Book Talk -- People Like Us: The New Wave of Candidates Knocking at Democracy’s Door


Thursday, April 18, 2019, 4:15pm to 5:30pm


Ash Center Foyer, 124 Mount Auburn St., Floor 2, Suite 200N

Join us for a discussion with Sayu Bhojwani, founder and president of New American Leaders, author of People Like Us: The New Wave of Candidates Knocking at Democracy’s Door. Teresa Acuña, Associate Director of the Ash Center's Democratic Governance program, will moderate. 

Book coverAbout the Book 

The system is rigged: America’s political leadership remains overwhelmingly white, male, moneyed, and Christian. Even at the local and state levels, elected office is inaccessible to the people it aims to represent. But in People Like Us, political scientist Sayu Bhojwani shares the stories of a diverse and persevering range of local and state politicians from across the country who are challenging the status quo, winning against all odds, and leaving a path for others to follow in their wake.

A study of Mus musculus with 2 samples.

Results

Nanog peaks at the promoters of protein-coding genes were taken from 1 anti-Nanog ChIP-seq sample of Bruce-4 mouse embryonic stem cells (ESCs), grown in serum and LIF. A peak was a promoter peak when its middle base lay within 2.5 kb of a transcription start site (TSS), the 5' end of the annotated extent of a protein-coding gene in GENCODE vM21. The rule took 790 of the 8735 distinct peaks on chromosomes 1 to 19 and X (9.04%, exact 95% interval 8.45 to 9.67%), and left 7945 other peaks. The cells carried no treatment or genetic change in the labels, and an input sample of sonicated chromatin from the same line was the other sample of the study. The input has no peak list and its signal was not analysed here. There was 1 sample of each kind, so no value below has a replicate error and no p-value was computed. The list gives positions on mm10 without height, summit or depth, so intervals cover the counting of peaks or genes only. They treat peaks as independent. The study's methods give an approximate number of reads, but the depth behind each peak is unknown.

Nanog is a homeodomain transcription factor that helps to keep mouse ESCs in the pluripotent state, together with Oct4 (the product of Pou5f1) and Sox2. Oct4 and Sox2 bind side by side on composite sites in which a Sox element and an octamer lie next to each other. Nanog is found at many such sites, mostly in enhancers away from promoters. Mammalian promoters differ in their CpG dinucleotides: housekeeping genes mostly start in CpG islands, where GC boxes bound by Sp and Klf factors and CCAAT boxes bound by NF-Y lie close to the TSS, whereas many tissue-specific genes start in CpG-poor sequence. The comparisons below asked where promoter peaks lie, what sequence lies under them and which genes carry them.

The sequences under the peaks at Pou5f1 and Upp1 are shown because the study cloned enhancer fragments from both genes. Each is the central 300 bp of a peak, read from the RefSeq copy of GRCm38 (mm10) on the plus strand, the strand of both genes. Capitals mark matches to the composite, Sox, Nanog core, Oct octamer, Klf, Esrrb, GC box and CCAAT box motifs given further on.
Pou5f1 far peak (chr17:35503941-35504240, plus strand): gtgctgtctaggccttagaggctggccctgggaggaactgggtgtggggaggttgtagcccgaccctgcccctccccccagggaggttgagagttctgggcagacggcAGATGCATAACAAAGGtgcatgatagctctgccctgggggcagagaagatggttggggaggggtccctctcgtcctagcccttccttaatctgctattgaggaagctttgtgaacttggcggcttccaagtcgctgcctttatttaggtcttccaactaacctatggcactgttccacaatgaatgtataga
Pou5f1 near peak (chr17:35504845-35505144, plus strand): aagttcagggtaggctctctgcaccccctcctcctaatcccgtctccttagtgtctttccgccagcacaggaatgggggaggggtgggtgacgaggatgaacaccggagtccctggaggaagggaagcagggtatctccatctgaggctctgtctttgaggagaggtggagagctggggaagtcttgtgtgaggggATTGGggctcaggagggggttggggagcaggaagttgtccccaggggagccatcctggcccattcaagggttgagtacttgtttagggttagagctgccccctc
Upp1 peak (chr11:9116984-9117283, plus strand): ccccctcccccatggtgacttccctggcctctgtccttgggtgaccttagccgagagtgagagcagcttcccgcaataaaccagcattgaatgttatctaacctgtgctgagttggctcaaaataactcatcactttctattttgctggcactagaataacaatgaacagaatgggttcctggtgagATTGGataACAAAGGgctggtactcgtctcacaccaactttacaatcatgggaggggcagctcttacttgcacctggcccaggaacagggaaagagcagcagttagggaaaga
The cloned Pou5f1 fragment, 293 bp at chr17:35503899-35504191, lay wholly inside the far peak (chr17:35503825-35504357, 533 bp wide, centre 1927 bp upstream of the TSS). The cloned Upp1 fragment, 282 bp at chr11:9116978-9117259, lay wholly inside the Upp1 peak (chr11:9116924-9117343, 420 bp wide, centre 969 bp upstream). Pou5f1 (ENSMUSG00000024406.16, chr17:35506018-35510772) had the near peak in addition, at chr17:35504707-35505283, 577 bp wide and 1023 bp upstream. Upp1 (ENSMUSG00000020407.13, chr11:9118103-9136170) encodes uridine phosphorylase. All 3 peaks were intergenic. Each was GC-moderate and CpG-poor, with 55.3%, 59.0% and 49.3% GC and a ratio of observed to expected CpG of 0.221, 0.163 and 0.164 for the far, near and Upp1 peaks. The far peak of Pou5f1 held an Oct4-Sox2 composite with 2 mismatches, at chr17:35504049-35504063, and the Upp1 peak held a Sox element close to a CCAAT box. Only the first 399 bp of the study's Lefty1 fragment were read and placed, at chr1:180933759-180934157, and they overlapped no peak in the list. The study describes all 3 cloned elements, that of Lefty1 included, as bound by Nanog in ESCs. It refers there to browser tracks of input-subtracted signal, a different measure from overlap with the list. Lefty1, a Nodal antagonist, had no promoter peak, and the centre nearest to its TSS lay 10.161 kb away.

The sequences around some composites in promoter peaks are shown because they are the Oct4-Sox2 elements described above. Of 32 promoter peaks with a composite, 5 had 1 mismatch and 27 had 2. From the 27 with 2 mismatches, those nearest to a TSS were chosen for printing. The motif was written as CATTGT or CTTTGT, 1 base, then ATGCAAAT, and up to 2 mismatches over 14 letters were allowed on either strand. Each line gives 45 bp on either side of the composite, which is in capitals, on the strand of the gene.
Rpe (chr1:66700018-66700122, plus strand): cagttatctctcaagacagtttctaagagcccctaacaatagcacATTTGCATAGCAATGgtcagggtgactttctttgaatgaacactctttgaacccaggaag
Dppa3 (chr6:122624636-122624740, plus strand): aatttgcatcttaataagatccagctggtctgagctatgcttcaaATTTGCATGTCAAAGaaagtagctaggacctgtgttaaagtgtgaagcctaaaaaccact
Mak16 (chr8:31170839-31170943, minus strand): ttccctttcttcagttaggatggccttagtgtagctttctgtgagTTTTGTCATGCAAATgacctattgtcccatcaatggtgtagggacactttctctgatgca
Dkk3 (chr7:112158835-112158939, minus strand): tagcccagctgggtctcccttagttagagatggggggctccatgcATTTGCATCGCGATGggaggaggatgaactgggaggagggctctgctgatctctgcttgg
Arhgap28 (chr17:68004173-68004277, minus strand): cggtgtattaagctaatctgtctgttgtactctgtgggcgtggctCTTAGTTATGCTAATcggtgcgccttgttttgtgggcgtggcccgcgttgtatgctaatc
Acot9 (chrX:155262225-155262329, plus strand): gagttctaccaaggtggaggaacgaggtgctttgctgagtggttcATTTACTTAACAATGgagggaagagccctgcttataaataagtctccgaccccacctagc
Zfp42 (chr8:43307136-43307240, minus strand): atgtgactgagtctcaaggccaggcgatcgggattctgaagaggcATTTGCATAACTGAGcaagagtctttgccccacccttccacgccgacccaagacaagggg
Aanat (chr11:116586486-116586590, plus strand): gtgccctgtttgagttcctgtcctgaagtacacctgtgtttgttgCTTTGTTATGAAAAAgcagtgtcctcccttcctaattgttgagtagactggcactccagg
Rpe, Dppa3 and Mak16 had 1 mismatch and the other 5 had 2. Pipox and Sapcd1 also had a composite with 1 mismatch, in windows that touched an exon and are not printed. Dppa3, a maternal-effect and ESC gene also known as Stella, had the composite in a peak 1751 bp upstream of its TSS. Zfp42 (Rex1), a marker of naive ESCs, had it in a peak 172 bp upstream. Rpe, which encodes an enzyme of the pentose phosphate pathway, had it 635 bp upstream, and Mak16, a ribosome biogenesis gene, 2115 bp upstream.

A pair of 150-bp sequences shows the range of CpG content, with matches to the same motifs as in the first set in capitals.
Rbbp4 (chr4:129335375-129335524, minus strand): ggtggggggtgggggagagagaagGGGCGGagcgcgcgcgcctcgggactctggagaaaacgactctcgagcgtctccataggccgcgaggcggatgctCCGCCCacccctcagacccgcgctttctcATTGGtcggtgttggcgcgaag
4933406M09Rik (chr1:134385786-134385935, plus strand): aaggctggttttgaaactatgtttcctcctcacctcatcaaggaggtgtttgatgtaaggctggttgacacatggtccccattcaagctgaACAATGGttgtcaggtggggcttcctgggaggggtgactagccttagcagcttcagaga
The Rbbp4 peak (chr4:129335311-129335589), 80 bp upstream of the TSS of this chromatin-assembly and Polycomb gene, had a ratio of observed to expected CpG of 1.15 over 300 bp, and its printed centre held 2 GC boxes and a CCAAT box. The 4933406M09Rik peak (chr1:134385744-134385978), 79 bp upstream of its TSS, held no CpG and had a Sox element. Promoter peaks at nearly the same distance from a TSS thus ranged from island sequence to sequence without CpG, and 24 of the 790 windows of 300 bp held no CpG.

In Anaheim, California, a previously undocumented Mexican American challenges the high-powered interests of the Disney Corporation to win a city council seat. In the Midwest, a thirty-something Muslim Somali American unseats a forty-four-year incumbent in the Minnesota house of representatives. These are some of the foreign-born, lower-income, and of-color Americans who have successfully taken on leadership roles in elected office despite xenophobia, political gatekeeping, and personal financial concerns. In accessible prose, Bhojwani shines a light on the political, systemic, and cultural roadblocks that prevent our elected officials from effectively representing a rapidly changing America, and offers forward-thinking solutions on how to get rid of these barriers.

People Like Us serves as an essential guide for the burgeoning democracy that has been a long time in the making: inclusive, multiracial, and unstoppable.

Sayu BhojwaniAbout Sayu Bhojwani  

Sayu Bhojwani is the founder and president of New American Leaders, the only national organization focused on preparing immigrant leaders to run for public office. She served as New York City’s first commissioner of immigrant affairs and lives in New York.

This event is cosponsored by the Harvard South Asians in Public Service student group.